An inherited disorder with paroxysmal tachycardia, arterial hypertension, syncope, and seizures. It is associated with microphthalmos, cataracts, and nephrolithiasis.
This medical condition has been described in a female, her brother, and mother in 1967.
Autosomal recessive inheritance seems likely, but in the absence of male-to-male transmission, X-linkage cannot be excluded.
Characterized clinically by frequent episodes (initially once per week with the duration ranging from minutes to days, later more frequent) of paroxysmal tachycardia (due to a conduction defect, with heart rates of up to 220 beats per minute), chest pain, dyspnoe, cyanosis, syncope, severe arterial hypertension, and generalized tonic-clonic seizures all more or less refractory to treatment at that time. Additional findings may include dominantly inherited hyperglycinuria with nephrolithiasis, microphthalmos, cataracts, glaucoma, visual loss, bilateral horizontal and rotary nystagmus, and subcutaneous lipomas. Similar symptoms were found in the younger brother, but with decreased severity. The mother also suffered from congenital microphthalmia, cataracts, and nystagmus. At the age of 44 years she was diagnosed with calcium oxalate and calcium phosphate kidney stones. The patient died at the age of 35 years from sudden apnea followed by ventricular fibrillation and cardiac arrest 28 hours after cardiac surgery for arrhythmias and pacemaker implantation.
Precautions before anesthesia
Obtaining a cardiology consultation is recommended. A 12-lead ECG, chest radiograph, and echocardiography should be available. Evaluate for end-organ damage as a result of chronic hypertension. A complete blood count, serum concentrations of electrolytes, urea, creatine, and glucose should be determined before anesthesia. Patients are at risk for paroxysmal supraventricular tachycardia (usually sinus tachycardia) in the perioperative period. Severe hypertensive episodes may be encountered and maintenance of antihypertensive therapy must be maintained until the morning of anesthesia. Consider preoperative beta-blockers, calcium channel blockers, and/or angiotensin converting enzyme (ACE) inhibitors before general anesthesia. Hypertension must be controlled before undergoing elective surgery. Because of the presence of arterial hypertension, it is important to ensure that the intravascular volume is adequate before induction of anesthesia. A review of the medications used to control seizure activities must be obtained. The anti-seizure medications must be continued until the morning of surgery.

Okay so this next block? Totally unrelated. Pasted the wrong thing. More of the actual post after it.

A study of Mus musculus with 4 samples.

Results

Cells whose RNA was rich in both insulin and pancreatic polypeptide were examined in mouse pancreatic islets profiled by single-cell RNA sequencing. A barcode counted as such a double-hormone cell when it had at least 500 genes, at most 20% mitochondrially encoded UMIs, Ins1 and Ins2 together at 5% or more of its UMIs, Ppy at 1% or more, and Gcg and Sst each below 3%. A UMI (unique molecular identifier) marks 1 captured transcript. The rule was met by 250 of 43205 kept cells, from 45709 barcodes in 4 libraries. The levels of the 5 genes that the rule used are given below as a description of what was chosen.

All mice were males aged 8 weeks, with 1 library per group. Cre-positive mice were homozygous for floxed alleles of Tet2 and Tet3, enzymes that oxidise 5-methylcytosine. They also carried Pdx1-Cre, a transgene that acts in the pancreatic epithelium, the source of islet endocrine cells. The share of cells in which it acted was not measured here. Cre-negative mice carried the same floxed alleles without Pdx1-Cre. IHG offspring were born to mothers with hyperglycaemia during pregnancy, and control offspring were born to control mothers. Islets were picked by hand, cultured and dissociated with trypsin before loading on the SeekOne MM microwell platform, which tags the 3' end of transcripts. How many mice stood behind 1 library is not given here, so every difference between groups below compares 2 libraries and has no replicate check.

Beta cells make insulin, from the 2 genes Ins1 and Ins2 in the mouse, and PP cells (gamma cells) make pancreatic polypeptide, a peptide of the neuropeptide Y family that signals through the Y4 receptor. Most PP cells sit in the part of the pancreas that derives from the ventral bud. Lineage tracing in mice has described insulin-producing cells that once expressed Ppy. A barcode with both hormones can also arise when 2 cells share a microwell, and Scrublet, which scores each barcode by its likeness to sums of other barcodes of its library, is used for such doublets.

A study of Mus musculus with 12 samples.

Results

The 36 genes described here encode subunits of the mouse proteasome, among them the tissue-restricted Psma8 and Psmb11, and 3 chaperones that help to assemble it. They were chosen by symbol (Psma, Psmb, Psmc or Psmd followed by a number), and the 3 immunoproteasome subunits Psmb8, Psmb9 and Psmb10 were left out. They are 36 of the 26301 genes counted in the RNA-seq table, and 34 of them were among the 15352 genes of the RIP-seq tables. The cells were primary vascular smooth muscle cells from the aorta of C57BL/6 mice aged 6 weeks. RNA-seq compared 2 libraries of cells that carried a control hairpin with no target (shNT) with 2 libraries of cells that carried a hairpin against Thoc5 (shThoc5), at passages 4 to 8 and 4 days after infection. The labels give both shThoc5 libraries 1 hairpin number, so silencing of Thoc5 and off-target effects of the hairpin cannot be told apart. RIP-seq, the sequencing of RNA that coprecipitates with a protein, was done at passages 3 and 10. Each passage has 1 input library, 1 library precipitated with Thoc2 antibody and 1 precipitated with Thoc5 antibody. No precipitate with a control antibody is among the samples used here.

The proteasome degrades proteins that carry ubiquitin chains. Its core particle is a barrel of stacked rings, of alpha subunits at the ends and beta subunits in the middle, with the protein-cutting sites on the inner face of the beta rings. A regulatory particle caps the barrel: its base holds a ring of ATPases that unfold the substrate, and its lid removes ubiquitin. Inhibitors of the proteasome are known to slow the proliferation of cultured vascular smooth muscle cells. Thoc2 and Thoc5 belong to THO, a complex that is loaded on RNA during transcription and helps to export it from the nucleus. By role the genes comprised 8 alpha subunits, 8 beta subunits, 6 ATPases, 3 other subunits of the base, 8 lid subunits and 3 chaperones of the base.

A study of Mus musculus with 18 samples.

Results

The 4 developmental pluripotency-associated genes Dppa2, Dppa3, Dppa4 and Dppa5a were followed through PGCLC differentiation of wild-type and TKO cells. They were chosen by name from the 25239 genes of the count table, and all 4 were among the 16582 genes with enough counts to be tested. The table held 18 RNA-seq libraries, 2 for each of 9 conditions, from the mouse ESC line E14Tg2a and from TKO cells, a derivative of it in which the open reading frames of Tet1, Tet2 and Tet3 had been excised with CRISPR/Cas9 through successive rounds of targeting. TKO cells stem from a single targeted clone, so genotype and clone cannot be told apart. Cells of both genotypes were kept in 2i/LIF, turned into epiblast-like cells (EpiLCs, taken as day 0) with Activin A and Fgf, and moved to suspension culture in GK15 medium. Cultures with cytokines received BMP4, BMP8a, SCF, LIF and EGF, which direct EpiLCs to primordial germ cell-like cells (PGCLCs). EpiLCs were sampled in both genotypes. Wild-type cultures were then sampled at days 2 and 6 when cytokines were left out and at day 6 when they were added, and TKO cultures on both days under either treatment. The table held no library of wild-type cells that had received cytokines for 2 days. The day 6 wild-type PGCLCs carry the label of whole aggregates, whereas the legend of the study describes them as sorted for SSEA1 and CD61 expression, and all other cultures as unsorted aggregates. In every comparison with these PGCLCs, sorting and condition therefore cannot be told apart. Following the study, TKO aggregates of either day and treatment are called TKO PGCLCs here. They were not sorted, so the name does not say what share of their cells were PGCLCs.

Cardiac conduction defects, (ie, paroxysmal supraventricular tachycardia, sinus tachycardia, atrioventricular block) and severe arterial hypertension can lead to major complications during anesthesia. Electrical and pharmacological cardioversion should be readily available as they may be required. Arterial hypertension should be managed perioperatively. Patients may have relative an intravascular volume deficit as a result of arterial hypertension and should be corrected before induction of anesthesia. Because of the high risk for arrhythmias, careful handling of guide-wires during central venous line access is recommended (the same applies for peripherally inserted central catheters, cardiac catheter procedures, or transjugular intrahepatic liver biopsies).